Like many businesses across the country, Ulster County restaurants cannot hire enough servers and kitchen staff to maintain their hours. Coming out of the pandemic, the food industry may be irrevocably transformed, with fewer, perhaps better paid workers, higher prices and fewer dining out options.
New Paltz area | Business
Before going to the mall to buy a pair of winter shoes, I should’ve checked to make sure the store still existed.
Leaders at the Woodland Pond senior enclave in New Paltz are testing the waters with the idea of adding three more cottages.
Gunkin’ Doughnuts, a newly established artisanal bakery outpost in downtown New Paltz, owned and operated by climber/master baker Rachel Wyman, continues to gain traction, moving from a once-a-week outdoor sweet-shop to a permanent home on Main Street in the Village.
Rosendale’s Red Brick Tavern has reopened as Santa Fe Burger Bar, under the day-to-day operational leadership of Roxana Guerra, a longtime manager at the Santa Fe Kingston branch. New owners, Annie and Jimmy Demosthenes and David Weiss, have put their own brand on the place. It’s not the same Mexican food as the Santa Fe chain, the menu features craft burgers, craft beers and fancy milkshakes.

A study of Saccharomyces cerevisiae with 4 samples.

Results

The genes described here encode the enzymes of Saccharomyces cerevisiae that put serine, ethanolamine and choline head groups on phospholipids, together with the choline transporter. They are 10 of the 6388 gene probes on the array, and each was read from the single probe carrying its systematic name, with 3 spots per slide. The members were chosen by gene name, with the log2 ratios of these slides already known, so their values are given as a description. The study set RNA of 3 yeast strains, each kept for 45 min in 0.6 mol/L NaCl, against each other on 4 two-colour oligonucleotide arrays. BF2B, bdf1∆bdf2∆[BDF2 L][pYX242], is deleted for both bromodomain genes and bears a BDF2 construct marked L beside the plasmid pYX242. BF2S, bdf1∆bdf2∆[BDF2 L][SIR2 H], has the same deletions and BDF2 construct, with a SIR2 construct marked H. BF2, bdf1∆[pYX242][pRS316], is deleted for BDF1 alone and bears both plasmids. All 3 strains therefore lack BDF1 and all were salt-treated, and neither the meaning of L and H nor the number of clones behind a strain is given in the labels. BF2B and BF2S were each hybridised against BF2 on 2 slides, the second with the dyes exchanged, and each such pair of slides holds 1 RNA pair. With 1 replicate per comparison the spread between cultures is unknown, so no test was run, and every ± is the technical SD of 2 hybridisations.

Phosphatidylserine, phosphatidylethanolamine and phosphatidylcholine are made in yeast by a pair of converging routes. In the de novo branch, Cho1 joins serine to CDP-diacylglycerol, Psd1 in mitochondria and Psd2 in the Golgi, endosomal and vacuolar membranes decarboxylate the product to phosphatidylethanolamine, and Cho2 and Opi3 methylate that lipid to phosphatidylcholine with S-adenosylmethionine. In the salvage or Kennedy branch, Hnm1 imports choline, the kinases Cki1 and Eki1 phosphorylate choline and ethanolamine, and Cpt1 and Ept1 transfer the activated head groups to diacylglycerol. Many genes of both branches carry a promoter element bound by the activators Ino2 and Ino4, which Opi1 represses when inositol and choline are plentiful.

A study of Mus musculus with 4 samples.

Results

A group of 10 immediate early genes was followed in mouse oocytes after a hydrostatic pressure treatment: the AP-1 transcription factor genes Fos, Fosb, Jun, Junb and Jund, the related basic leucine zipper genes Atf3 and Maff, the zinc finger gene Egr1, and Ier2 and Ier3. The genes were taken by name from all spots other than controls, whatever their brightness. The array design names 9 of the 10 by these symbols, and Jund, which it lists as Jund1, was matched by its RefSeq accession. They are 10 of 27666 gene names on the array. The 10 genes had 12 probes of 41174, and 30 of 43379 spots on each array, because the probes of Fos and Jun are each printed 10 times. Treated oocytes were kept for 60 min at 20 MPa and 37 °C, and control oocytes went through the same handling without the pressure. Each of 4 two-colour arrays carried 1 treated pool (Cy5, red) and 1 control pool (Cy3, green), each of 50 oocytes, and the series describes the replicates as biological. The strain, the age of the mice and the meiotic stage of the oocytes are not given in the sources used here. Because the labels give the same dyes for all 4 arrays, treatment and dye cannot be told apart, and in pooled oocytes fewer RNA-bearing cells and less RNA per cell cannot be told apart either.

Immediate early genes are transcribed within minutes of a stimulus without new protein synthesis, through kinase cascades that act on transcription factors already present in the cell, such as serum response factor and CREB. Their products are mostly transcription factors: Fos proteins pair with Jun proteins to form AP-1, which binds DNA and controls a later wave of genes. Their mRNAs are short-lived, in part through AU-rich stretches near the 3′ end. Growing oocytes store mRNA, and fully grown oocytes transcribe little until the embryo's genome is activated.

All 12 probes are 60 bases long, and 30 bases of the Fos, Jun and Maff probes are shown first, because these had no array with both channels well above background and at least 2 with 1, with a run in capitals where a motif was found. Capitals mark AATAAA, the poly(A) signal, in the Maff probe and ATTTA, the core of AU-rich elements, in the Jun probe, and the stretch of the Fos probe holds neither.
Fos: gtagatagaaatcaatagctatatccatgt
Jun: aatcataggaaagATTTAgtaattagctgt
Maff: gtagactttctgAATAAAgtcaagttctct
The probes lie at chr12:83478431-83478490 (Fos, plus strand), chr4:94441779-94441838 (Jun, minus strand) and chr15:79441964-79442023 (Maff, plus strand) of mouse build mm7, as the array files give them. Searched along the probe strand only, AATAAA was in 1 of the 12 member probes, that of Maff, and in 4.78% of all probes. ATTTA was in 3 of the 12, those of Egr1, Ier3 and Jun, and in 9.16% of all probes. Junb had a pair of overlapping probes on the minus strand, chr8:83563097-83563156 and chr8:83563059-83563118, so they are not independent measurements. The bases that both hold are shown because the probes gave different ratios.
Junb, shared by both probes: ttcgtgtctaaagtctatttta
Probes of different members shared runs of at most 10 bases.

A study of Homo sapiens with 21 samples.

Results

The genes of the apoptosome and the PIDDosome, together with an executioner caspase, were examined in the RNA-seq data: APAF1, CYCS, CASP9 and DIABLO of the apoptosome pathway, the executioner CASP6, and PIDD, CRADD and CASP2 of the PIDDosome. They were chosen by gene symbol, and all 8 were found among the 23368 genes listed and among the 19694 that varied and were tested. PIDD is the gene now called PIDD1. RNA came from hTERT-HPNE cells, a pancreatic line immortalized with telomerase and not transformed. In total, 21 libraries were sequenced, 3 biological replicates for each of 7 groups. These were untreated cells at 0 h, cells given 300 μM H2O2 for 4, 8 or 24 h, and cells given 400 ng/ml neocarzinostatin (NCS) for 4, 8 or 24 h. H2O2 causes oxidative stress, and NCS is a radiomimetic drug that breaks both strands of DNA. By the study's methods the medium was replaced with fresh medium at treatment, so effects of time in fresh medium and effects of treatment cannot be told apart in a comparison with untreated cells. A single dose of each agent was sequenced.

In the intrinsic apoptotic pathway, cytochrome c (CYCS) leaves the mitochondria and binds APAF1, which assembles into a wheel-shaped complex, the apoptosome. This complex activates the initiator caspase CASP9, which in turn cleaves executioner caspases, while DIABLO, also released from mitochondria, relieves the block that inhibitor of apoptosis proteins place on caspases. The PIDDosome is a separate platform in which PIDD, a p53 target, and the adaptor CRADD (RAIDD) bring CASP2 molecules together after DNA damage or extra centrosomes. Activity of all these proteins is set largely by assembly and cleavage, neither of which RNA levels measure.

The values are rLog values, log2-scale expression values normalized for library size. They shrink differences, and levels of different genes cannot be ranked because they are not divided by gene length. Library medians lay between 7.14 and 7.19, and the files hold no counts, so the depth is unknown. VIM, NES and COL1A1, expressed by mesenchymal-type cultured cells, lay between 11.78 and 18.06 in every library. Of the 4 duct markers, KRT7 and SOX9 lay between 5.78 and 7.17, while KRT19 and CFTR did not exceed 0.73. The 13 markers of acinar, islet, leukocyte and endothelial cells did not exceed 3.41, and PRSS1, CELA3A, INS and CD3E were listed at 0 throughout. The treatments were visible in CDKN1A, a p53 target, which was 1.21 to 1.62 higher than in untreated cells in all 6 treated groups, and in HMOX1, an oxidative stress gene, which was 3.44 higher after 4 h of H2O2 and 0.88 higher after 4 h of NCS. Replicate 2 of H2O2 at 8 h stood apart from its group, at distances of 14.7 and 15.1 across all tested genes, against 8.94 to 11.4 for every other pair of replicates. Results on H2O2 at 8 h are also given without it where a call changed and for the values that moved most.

The proposal would site a three-story building on the lot, one that’s broken up by the varied roof height to seem more like five attached buildings than a single structure. There would be 15 apartments on the upper floors and four retail spots at ground level.
On August 12, the New Paltz Regional Chamber of Commerce posted a “message to our membership” on its website, announcing its intent to dissolve “because of financial hardships resulting from the pandemic.”
New plans call for the College Diner to be torn down to make room for a local branch of Hudson Valley Credit Union.
A number of more recently vacated storefronts have joined a number of empty buildings and dark windows around town. Some of these are businesses shuttered under the weight of a pandemic-fueled economic crisis, but others have been in that limbo between uses for a longer period of time.
With three lakes and miles of trails — ideal for summer hiking and biking as well as cross-country skiing — Hudson River Valley Resorts saw a magnet for monied New Yorkers, less than two hours from Manhattan. The company would tear down the shabby, 1950s-era lodgings, put up a grand new hotel and spa and surround them with townhouses and private homes. Unfortunately for locals, a beach club was not in their plans — at least not for the foreseeable future.